Tech in Focus: Shipment tracking

Many fleets use handheld devices to connect drivers to the office and to capture and track shipments – even individual packages. But for the companies that use them, the popularity of handheld devices could make purchasing decisions difficult. Sorting through the latest hardware, software and wireless technologies can be a daunting task.

Businesses have different needs in a handheld device, but the process for evaluating devices is largely the same from fleet to fleet. Some of the factors to consider in selecting the hardware include calculating the total cost of ownership; determining present and future application requirements; and finding the right “form factor” – the physical characteristics – of the handheld that will maximize the adoption rate of the new technology by drivers.

In general, handheld devices can be categorized from “low-scale” to “high-scale” in terms of price, ruggedness and functionality. Devices commonly considered low-scale in price and ruggedness include smart phones, Pocket PCs, notepads and other handheld consumer devices.

These devices have all the voice and data capture functionalities a company may need at an affordable price, but a common shortfall is their lifespan. In many cases, this factor leads to a higher total cost of ownership (TCO) when compared to a high-scale device, experts say.

To evaluate TCO, managers must estimate the replacement rate of lost, stolen, damaged or even outdated equipment. The average lifecycle expectation of handhelds in the transportation environment is 5.5 years, says Jerry McNerney, director of supply chain execution for Symbol Technologies.

Typically, 30 to 40 percent of low-scale devices need to be replaced during the first year, says Kevin Moore, senior business development director for Intermec Technologies. Typically, over 3 to 5 years, a company may have to plan on replacing the hardware completely two or three times.

“Low-cost devices are great for semi-white-collar work. Even then, if you take a scanner and phone and drop it five or six times, you’re looking for a new device,” Moore says. By comparison, high-scale rugged devices, such as Intermec’s 700 series mobile computers, have a 12 to 15 percent failure rate over the lifecycle. This failure rate is primarily a result of lost, stolen or abused equipment, Moore says.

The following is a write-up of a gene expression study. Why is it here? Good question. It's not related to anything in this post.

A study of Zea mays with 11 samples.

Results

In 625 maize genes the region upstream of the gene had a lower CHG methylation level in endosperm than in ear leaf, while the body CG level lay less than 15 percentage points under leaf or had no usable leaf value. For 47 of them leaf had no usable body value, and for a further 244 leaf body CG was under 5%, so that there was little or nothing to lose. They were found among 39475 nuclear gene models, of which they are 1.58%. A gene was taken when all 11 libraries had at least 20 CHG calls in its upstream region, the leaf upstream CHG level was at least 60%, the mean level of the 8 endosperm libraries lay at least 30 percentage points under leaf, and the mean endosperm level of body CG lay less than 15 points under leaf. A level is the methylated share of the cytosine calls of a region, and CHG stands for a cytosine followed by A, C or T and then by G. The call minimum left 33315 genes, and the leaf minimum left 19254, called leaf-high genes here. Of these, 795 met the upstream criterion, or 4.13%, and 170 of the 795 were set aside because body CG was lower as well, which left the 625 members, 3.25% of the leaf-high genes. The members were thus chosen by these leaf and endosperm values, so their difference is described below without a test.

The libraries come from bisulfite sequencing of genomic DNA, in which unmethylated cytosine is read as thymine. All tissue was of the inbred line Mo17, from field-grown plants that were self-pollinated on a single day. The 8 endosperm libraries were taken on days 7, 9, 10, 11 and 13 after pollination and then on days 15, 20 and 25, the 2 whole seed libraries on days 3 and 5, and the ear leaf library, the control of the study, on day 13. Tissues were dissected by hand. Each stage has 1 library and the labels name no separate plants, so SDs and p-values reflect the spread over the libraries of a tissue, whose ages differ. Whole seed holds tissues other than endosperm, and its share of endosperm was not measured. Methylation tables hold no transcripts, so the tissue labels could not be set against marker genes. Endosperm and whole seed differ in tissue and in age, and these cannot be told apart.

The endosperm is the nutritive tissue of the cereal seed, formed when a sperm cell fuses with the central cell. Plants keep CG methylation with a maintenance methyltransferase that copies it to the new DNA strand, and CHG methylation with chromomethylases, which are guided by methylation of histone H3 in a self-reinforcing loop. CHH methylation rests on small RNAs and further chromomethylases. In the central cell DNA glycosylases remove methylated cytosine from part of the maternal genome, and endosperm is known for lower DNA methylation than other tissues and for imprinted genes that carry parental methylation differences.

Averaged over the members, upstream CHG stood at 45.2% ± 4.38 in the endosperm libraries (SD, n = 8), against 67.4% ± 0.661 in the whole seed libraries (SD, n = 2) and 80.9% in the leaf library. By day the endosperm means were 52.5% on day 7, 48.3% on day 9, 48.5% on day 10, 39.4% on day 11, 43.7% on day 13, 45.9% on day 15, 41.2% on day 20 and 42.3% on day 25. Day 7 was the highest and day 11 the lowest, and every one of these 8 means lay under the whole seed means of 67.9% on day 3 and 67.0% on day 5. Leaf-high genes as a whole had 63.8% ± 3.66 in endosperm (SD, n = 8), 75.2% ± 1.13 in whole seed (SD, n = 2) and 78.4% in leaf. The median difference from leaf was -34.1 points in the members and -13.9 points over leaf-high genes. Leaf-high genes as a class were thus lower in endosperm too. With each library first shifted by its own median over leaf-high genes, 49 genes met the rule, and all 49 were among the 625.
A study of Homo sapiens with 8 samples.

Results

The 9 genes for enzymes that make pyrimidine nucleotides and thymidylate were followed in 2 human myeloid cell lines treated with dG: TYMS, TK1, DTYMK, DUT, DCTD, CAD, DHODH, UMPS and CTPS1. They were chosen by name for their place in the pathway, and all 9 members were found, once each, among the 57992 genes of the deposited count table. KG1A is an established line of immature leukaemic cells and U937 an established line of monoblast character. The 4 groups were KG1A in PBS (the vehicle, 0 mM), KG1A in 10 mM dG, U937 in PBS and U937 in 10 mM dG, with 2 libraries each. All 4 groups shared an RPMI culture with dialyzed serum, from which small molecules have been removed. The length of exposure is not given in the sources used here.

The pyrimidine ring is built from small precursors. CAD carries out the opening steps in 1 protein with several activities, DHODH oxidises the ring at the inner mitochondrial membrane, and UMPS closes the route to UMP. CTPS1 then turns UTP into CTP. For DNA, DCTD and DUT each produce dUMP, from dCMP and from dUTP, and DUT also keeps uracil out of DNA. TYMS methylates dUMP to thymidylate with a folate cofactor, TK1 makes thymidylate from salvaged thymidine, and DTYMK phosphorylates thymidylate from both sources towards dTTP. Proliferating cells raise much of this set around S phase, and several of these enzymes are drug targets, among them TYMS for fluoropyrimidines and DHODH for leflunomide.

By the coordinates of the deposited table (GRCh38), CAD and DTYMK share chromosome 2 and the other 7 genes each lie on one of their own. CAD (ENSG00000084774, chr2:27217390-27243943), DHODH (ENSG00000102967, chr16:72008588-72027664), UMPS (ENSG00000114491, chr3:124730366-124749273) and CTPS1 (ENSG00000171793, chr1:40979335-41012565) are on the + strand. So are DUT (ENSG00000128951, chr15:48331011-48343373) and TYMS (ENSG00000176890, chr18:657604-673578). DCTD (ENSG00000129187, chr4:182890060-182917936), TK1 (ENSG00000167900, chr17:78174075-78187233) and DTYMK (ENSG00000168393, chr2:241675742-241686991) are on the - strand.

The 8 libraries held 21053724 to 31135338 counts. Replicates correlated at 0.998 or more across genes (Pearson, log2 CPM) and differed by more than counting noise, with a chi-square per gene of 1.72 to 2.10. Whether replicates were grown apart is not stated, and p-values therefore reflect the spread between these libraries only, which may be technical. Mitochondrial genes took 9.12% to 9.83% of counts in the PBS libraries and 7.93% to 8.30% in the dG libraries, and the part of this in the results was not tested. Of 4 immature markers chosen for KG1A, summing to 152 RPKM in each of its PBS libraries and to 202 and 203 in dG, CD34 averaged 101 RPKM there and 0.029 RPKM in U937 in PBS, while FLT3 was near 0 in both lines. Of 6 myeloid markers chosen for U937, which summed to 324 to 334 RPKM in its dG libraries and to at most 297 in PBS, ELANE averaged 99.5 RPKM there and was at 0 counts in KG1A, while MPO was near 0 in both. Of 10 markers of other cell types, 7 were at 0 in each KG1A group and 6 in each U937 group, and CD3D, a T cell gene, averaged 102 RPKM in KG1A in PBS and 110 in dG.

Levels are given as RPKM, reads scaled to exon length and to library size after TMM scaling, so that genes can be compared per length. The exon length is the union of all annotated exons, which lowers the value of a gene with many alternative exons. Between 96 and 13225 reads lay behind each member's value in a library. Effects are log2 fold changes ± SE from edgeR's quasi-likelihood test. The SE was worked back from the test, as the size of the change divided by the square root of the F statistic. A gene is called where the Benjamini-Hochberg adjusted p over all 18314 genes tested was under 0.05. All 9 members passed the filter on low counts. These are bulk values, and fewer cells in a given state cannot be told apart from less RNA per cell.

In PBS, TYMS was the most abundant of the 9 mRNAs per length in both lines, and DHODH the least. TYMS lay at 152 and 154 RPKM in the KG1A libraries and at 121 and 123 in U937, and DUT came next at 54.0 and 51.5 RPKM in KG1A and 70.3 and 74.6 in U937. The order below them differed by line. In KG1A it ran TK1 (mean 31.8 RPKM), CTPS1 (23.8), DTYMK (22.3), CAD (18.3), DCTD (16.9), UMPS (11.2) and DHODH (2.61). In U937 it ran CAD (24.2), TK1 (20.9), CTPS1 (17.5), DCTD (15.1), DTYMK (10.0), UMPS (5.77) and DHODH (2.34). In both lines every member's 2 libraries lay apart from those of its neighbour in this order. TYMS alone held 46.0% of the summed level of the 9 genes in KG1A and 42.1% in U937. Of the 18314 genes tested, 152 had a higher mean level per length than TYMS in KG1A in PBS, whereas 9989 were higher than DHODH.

Besides total cost of ownership, present and future functionality is a key differentiator in the selection process. Today, many consumer devices let users scan barcode labels and enter alpha-numeric data – the same functions that, up until a few years ago, would require a high-scale handheld. Smart phones are created primarily for voice and e-mail type messaging, but they now are enterprise-compliant for higher levels of data capture and ruggedness, McNerney says.

A traditional rugged handheld device would cost more than $1,000, but now you can turn a smart phone into a barcode scanner by adding a simple attachment that costs about $250. Nextel has worked with hardware and software development partners to combine the Direct Connect feature in its handsets with a barcode scanner attachment.

Pickup and delivery companies can use the barcode scanner with a GPS-enabled phone to capture the time and location of a barcode scan to track shipments and inventory into and out of their enterprise system, says Robert Consolazio, Nextel’s senior director of marketing, corporate accounts. Drivers also can use scanners in tandem with the phone’s keypad to record actions and exceptions in a business process, such as “start route,” “arrive at” or “damaged freight.” Drivers can print out a cheat sheet of “smart codes” for these actions and use the scanner for data entry.

Most carriers use laser barcode scanners to enter package information at pickup or delivery. But the trend in data capture technology is 2D barcodes and data imaging, McNerney says. A 2D barcode label enables much more information to be stored and read by an imager than a traditional 1D barcode.

Fleets also can use handheld devices with an imbedded imager, such as Symbol’s MC-9000, to capture pictures of a damaged package at pickup or delivery. In the future, imagers may be used to photograph documents such as a bill of lading to reduce paperwork. But the current imaging technology in handhelds is not advanced enough to produce high-quality pictures, McNerney says. According to Intermec’s Moore, some companies are attaching an image from a digital camera in a jpeg or gif format to a handheld as part of a business process or workflow document.

These data-capture requirements lead to another key decision point in choosing between low- and high-scale devices. High-end devices typically can use multiple networks to transfer data back and forth from the office. A company may program the device to use a wide-area cellular network to transmit time-sensitive information while the driver is in the field, and switch to an 802.11 local area network when within range at a company’s dock or terminal to transmit large files, such as digital images.

Another key distinction between handheld devices is the ability to switch between different wireless carriers by changing the SIM card in the device, Moore says. A company can change from one carrier to another in the GSM/GPRS network (such as T-Mobile, AT&T or Cingular) or CDMA network (Sprint and Verizon) to take advantage of competitive prices and coverage.